If only the Star Wars prequels had really been this goofy!
General Grievous has fought many enemies in the Clone Wars, but none has been so difficult to defeat as Obi-Wan Kenobi. Every duel has ended with Grievous on the run and the Jedi still alive. Piloting his starfighter, Grievous launches an all-out attack against Obi-Wan then morphs into mech mode to defeat the Jedi once and for all!
I kind of feel like Lucasfilm
over-estimated the impact of General Grievous' starfighter. In a world of cool, memorable ships, "that thing we briefly see Grievous near" is not a star. At least his Wheel Bike was stupid enough to stand out, but this thing? If not for its appearances in The Clone Wars, I doubt I'd remember it existed at all.
Maybe the problem is that Revenge of the Sith didn't give it enough time to shine. It does have a fairly neat design,
with a broad, flat body and a trailing cockpit - it looks like a cross between a racing boat and a WWII fighter plane. The nacelles have sleek, pointed lines, and there's just enough sculpted technology on the body to keep it from looking plain. The front landing gear can pull down, but if this is supposed to be "at rest," then the tail fin should fold up out of the way of the rear foot. The Star Wars Crossovers had stopped coming with tiny pilot figures by the time this one was released, but the cockpit still opens.
Converting the ship to the robot
is a decent process. The instructions seem pretty simple and straightforward, but there's enough complexity to keep you from being bored. A lot of unfolding of big panels, but then also a lot of turning limbs back and forth.
These Star Wars TFs really do seem to work best when the character is robotic to begin with, which I guess really isn't too much of a surprise. A General Grievous who turns into a space ship is going to look very much like a General Grievous who doesn't turn into a space ship. The way the ship kibble hangs off him actually does a nice job of looking like a cape, even if it is blue instead of his usual red.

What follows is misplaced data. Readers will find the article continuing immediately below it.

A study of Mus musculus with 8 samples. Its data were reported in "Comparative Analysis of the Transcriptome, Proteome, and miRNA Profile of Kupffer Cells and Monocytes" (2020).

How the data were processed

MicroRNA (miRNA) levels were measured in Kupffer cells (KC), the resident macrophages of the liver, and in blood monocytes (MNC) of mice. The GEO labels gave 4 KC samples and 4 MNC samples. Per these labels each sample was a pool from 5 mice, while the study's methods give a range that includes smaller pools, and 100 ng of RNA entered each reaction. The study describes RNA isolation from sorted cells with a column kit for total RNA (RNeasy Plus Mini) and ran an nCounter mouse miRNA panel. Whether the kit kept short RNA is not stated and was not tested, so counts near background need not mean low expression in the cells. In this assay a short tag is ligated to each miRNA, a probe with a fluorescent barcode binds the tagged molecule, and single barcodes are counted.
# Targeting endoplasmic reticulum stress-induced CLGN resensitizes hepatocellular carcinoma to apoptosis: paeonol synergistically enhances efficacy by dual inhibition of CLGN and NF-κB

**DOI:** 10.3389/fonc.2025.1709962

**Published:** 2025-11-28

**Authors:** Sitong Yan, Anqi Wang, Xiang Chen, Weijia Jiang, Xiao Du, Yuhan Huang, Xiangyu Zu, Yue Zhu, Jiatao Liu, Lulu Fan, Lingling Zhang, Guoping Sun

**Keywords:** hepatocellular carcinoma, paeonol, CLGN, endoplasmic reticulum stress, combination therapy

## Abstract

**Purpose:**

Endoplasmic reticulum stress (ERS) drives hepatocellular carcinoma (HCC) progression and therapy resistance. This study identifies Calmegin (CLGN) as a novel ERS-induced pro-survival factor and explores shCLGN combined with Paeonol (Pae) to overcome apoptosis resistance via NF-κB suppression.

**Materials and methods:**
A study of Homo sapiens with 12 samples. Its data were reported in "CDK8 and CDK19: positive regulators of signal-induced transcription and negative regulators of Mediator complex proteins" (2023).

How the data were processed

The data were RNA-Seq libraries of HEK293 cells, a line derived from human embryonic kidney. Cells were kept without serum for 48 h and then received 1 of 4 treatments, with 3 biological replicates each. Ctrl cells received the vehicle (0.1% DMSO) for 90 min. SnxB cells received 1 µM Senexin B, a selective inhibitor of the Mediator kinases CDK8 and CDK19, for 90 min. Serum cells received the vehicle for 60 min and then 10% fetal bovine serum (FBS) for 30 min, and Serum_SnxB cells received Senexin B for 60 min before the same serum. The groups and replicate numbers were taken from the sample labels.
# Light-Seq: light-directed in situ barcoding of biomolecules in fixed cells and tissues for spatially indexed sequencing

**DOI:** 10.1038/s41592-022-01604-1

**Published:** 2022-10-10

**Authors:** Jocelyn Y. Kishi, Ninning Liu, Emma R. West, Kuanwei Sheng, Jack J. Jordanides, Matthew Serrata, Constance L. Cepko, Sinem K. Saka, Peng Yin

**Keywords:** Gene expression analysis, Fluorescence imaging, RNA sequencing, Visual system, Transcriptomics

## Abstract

The head is pure Grievous - that skeletal white mask, the red skin around the eyes, all that. The design of the body also gives us the collar around his neck, those giant shoulder pads of his, and details on the limbs that clearly reflect the shapes of the real guy's cybernetic body. Like we said: being a robot makes looking like a robot very easy.
The articulation is okay, but there's room for improvement. He moves at the neck, shoulders, biceps, elbows, waist, hips, knees, ankles and toes. It sounds like a decent amount, but the joints jump from one position to the next, rather than moving smoothly, and the elbows are spindly and weak. They did a nice job with his animalistic feet and his extra thumbs, but it's a shame his arms don't split in two. He's armed with two lightsabers - one green and one blue - that can store behind his back. The gun underneath the starfighter mode can be removed, allowing Grievous to wield it like a blaster.
Grievous' Starfighter was such a minor vehicle that it didn't even get a proper name - it's called the Soulless One, but that wasn't revealed until 2009, in a piece of pop-up trivia on a Clone Wars repeat. That's how little anyone cared. Given a proper showcase in the films, it could have been a popular Star Wars ship, but instead it's a footnote. However, it makes for a nice Transformer, even if the robot mode has some strange choices in its design.